10/1/2004:

Intermediate Word:  afflatus   (a) inspiration  (b) stigma  (c) pumped-up pride  (d) halitosis
Difficult Word: - margay  (a) spotted wildcat  (b) mixed drink  (c) corsage  (d) Bulgarian nobleman

Mars, Once Warm and Wet, Left Some Clues - Space.com  Many studies have suggested that early Mars was covered by large oceans and blanketed by a thick atmosphere rich in carbon dioxide -- the stuff that puts the bubbly zing in soda. But if that's all true, then when the oceans evaporated a lot of the carbon dioxide should have turned into what scientists call carbonates, which should be strewn all over the place. Problem is, the carbonates aren't there. One recent study found trace amounts in Martian dust.  
Space Elevator Now Subject Of Research By Cadets At USAF Academy - SpaceDaily  Cadets at the United States Air Force Academy (USAFA) are doing research on the space elevator, one of the latest scientific concepts to emerge for sending cargo into space. The research is being conducted as part of USAFA's senior-level independent study program in the department of Astronautics and may be extended to other academic departments in the near future. The research is being supported by LiftPort Group, the Bremerton, Wash. company formed to build the first commercial elevator to space. LiftPort Group is providing USAFA with a list of proposed research topics on the space elevator. Cadets participating in the research program can select the topic of their choice, which they develop into a paper for presentation at the end of the one semester course.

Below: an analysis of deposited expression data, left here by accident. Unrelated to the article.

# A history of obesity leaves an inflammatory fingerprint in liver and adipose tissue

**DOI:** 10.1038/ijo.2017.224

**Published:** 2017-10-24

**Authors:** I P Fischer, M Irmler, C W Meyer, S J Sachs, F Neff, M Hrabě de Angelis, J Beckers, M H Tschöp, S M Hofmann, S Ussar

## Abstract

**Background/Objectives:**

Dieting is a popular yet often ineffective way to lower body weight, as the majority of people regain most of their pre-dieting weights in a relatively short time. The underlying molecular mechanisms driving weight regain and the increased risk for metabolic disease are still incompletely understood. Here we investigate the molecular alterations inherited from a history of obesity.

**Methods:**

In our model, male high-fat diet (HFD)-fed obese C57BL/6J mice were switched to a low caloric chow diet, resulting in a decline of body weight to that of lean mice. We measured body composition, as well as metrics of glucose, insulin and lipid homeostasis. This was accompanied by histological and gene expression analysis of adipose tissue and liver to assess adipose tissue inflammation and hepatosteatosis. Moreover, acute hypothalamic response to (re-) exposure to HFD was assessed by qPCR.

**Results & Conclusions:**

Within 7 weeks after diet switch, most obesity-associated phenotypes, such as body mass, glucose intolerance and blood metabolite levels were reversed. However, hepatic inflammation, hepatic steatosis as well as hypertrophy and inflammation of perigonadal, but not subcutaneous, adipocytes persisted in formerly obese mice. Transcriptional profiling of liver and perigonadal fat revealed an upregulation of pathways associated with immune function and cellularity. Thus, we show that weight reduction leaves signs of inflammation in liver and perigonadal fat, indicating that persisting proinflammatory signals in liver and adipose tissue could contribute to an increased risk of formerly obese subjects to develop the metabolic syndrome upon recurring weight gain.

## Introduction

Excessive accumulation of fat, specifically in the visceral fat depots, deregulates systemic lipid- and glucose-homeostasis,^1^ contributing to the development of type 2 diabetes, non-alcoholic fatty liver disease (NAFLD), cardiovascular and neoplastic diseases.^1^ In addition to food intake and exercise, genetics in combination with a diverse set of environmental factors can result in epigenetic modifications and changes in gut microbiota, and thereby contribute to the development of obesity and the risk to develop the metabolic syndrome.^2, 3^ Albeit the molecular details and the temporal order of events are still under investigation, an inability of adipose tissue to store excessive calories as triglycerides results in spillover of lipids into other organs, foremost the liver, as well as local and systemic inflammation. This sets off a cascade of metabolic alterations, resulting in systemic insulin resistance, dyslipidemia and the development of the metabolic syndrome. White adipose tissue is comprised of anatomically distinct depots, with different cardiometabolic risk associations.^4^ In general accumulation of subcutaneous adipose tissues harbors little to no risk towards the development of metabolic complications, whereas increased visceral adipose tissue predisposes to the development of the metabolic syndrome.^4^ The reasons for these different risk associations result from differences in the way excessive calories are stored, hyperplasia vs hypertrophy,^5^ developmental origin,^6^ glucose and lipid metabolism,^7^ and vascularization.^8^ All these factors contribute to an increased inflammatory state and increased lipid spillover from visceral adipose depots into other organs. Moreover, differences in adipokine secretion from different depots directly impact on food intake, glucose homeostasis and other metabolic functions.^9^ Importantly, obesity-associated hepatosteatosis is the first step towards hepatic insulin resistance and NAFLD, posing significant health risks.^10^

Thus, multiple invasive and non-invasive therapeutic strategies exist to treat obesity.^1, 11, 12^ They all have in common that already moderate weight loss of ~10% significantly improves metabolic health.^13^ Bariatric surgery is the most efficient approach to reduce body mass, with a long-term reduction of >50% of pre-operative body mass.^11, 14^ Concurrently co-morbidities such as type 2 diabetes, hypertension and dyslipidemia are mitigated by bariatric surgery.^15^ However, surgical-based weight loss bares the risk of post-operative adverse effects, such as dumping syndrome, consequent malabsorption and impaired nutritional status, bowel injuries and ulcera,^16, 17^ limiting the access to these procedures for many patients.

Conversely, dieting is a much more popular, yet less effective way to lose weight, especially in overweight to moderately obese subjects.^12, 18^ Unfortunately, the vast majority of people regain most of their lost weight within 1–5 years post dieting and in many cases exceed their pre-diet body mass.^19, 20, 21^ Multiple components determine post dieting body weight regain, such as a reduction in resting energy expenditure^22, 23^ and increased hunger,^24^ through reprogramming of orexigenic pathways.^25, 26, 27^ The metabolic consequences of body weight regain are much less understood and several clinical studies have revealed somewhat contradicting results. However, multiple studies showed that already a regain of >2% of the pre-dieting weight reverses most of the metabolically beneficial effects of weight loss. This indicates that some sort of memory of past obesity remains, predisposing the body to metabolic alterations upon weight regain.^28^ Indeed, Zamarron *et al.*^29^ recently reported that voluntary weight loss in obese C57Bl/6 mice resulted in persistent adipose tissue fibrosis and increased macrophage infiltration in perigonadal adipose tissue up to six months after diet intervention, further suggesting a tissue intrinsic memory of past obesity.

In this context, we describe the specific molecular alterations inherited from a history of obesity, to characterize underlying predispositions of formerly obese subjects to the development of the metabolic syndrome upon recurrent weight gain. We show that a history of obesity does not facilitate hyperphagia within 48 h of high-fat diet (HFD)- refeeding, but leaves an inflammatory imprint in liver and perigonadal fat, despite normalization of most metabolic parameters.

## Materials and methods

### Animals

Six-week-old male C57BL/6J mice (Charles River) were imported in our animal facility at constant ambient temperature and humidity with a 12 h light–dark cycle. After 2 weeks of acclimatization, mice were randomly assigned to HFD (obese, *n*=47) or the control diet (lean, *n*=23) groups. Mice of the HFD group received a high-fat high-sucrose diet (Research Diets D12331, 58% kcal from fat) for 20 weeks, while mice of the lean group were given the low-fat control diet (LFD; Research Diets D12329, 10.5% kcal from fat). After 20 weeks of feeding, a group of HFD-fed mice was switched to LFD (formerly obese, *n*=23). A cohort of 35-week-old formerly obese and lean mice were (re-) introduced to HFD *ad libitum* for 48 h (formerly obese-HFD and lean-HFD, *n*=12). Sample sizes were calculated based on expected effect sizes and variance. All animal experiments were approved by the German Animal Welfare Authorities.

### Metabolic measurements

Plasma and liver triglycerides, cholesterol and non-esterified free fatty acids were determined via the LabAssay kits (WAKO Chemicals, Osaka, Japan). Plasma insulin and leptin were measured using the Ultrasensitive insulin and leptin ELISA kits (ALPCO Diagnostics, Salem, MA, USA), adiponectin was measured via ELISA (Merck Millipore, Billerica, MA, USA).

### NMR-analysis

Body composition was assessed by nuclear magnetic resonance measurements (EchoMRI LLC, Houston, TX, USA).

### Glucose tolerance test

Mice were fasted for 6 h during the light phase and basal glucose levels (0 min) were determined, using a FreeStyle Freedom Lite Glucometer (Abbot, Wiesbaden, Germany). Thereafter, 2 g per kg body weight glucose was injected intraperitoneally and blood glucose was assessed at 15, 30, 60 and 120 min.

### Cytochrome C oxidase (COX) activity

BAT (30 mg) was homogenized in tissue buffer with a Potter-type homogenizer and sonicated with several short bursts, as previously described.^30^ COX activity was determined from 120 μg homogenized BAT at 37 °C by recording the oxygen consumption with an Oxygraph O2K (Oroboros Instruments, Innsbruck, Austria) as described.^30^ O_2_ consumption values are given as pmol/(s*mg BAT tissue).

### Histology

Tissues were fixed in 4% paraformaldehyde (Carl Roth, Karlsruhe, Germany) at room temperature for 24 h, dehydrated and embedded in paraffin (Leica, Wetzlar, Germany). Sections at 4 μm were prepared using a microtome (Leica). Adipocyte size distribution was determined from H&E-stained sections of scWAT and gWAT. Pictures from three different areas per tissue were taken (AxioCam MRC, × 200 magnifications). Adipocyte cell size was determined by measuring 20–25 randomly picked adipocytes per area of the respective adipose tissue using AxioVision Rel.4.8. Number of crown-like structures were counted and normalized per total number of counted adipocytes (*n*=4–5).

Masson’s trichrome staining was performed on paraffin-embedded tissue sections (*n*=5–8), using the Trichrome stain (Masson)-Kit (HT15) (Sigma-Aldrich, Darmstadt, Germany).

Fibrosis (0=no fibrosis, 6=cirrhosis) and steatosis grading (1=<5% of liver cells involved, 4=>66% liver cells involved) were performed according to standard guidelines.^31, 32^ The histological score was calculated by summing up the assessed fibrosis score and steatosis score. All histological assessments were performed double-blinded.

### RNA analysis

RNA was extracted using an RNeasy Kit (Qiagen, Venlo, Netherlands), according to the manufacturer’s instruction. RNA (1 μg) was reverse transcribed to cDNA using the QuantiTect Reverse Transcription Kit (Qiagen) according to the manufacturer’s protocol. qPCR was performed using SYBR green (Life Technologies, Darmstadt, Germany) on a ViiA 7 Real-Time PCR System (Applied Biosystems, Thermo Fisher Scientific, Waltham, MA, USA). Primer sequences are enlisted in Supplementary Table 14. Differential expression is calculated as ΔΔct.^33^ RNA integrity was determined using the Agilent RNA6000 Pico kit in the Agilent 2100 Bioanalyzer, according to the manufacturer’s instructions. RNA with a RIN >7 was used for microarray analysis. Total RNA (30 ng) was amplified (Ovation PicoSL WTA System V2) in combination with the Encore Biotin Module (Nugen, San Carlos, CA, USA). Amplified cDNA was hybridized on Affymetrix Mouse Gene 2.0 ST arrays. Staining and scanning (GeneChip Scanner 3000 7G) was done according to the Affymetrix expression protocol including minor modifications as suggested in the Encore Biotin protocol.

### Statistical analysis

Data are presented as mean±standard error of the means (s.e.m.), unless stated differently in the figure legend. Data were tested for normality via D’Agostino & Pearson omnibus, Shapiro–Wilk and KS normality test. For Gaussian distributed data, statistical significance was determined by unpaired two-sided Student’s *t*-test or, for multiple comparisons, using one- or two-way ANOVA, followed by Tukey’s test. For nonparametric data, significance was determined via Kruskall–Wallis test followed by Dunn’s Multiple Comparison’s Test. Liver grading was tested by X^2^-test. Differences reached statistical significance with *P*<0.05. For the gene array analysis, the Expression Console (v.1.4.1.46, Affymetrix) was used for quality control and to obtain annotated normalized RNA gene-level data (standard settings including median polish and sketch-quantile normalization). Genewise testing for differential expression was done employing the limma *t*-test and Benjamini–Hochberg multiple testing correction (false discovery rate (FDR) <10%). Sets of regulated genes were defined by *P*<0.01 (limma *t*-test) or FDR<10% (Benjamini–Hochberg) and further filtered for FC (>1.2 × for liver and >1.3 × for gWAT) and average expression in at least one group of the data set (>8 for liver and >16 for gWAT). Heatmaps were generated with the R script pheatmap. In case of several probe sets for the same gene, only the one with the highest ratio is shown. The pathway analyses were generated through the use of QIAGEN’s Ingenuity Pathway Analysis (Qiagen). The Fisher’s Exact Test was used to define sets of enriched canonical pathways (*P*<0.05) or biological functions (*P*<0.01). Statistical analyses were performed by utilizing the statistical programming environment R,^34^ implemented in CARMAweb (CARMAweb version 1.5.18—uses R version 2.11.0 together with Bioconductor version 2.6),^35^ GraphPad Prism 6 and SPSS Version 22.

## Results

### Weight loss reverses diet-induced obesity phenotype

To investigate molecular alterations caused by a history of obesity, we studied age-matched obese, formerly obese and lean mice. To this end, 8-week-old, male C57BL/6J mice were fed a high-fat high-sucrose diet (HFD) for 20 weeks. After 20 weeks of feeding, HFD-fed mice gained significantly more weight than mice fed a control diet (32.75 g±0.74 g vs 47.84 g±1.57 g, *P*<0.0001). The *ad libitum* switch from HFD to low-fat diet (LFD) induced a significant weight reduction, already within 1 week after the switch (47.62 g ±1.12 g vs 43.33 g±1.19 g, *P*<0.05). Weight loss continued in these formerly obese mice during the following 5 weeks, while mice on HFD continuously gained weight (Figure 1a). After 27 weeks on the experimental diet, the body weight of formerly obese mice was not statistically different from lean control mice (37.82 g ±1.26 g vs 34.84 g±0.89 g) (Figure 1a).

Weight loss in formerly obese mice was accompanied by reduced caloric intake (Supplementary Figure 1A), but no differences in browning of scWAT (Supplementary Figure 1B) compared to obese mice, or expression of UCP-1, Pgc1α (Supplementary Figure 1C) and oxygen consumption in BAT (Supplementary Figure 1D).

Antarctic Glaciers Accelerating In Response To 2002 Ice Sheet Collapse - SpaceDaily  University of Colorado at Boulder and a related study by NASA's Jet Propulsion Laboratory. Landsat 7 satellite images taken before, during and after the break-up of the Larsen B ice shelf in March 2002 show that several of the glaciers are now moving at up to five times their previous speed. Other satellite data show that the glaciers also have thinned significantly since the disintegration of the Larsen B, he said. The recent events underscore the potential for sea-level rise as a result of climate warming over the Earth's polar caps. "At every step in the process, things have occurred more rapidly than we expected."